Enjoy the simple beauty of Porcini Mushrooms

Porcini mushrooms are highly regarded in the food world, especially in French and Italian cuisine. Food connoisseurs around the world extol this mushroom for its incredible flavour and texture. Porcini means ‘little pigs’ in Italian but is also known as king bolete, or ceps in France. The formal name is boletus edulis and in England, they are called penny buns because the tops resemble crusty bread rolls. Their brown caps can range in size from one inch to up to a foot and they have thick white stalks.

 

Why are porcini mushrooms so special?

These wild mushrooms are a greatly prized find for foragers. These are considered one of the most delicious varieties and as such they are in high demand when in season. The texture is wonderful, and they are best when fully developed but still young. Porcini are typically found in Europe, North America, and parts of Asia. Ceps grow naturally in pine forests and have a symbiotic relationship with the roots of specific trees. These mushrooms are difficult and time-consuming to grow commercially – which is another factor in their high price.

 

How do porcini mushrooms taste?

Porcini mushrooms are nutty and earthy with an overall meatiness in terms of both texture and flavour. Ceps are often described as having an umami quality too, a sixth flavour found in ingredients such as soy or parmesan.

 

When are porcini mushrooms in season?

The porcini season in Europe begins in late summer around the end of August and lasts until the start of autumn in October. The season is relatively short, but you can find dried porcinis year-round if you can’t get enough of this delicious mushroom! Some other similar mushrooms you may enjoy are the king oysters or shiitake mushrooms.

 

How to cook with fresh porcini mushrooms

Ceps are quite versatile and can be used in a variety of recipes from soups to risottos or even paired with fresh truffle for an indulgent dish. Porcini mushrooms are tasty eaten raw or cooked, but the general rule is to prepare them simply and avoid overloading with complex flavours as they are so delicious on their own.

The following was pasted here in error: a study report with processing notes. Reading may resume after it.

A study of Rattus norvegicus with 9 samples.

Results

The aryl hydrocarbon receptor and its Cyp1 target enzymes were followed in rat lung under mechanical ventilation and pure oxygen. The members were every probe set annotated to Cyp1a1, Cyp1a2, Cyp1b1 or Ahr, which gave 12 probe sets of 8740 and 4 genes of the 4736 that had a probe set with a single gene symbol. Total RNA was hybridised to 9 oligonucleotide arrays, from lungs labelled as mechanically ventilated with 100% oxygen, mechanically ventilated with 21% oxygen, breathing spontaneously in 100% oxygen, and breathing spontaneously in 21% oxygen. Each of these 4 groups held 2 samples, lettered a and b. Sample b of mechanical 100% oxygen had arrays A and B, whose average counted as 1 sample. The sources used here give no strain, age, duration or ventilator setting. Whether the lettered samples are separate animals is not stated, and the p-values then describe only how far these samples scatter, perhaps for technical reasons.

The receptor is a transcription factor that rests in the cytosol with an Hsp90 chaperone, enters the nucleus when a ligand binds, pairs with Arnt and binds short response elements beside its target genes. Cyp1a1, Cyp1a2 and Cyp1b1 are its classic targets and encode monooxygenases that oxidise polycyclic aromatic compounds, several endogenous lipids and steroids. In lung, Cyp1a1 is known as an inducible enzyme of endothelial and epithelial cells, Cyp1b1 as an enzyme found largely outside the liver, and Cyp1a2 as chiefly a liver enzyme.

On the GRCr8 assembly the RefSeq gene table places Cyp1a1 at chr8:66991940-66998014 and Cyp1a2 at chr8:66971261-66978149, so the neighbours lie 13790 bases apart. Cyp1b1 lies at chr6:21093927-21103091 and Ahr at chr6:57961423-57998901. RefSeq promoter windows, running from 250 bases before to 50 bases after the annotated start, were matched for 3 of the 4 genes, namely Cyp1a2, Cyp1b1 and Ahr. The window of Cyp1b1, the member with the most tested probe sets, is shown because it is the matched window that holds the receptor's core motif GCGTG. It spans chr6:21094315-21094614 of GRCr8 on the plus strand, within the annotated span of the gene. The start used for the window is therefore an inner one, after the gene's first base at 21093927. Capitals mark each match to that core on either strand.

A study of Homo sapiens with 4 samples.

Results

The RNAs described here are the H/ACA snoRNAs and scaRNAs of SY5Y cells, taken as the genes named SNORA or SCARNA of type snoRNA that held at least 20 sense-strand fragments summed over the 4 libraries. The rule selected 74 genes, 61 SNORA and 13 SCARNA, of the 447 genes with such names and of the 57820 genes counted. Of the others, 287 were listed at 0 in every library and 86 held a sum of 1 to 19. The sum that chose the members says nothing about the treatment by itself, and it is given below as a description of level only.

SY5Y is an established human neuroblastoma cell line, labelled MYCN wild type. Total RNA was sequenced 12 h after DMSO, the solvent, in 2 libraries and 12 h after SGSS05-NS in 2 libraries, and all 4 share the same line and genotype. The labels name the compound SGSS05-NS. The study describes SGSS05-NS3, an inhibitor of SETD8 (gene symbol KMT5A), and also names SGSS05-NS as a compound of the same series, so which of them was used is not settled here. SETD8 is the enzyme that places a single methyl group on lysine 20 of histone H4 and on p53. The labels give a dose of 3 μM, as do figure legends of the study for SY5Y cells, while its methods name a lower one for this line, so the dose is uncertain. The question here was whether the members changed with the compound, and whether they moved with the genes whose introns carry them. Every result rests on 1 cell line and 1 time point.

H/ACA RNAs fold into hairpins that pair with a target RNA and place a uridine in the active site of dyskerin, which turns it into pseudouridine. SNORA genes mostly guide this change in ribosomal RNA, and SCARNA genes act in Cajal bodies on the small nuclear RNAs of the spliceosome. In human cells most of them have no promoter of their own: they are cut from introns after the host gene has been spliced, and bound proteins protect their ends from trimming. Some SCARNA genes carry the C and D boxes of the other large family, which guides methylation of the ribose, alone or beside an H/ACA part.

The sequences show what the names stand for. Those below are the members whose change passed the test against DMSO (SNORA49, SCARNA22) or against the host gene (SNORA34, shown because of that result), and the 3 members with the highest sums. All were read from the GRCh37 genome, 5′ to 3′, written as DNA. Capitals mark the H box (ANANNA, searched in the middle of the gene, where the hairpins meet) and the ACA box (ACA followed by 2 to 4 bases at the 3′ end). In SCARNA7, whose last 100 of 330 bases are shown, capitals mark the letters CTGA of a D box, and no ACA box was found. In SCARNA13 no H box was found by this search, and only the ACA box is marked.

You can sauté, braise, fry, grill, or even stew this seasonal treat – or even cook them in wagyu or Iberico fat. Porcini mushrooms pair well with meat, eggs, pasta or even added to sauces such as bechamel or broths. Thanks to its meaty, savoury flavour and texture porcini is also a great vegetarian option too. Head to Drogo’s Kitchen to find our best porcini recipes.

Before cooking, you may want to clean your mushrooms but we’d strongly advise against soaking them in water or even rinsing them. Instead use a dry or a slightly damp paper towel to gently remove any excess dirt. Water can damage the delicate mushroom and deteriorate them greatly. You can also store (unwashed) mushrooms in a paper bag in the crisper drawer of the fridge for a few days but it’s best to eat them as soon as you can! If you want to learn more about cooking with mushrooms check out our blog here.

 

Best ways to use dried porcini mushrooms

Dried porcini mushrooms are a great option for year-round use and offer a more concentrated flavour than fresh mushrooms. Simply soak in warm water for 30 minutes or until softened and plump, drain and reserve the excess liquid to use in stocks and soups. These rehydrated porcinis are great for adding into pasta or risotto dishes too. The texture of them once soaked is slightly chewy, which will add a great textural dimension to any dish. Dried porcini can last up to six months if kept well in an airtight container in a dark, cool place.

 

Porcini mushroom recipes from Drogo’s Kitchen

Tap the picture for the recipe!

 

Pigeon Pie with Porcini Gravy

 

White Truffle and Porcini Burger

 

Explore our site now...

Browse our fantastic selection of mushrooms and take a look at Drogo’s Kitchen for even more recipes and cooking advice. If you try out any of our ingredients or recipes please do tag us on social media! We love to see what you create.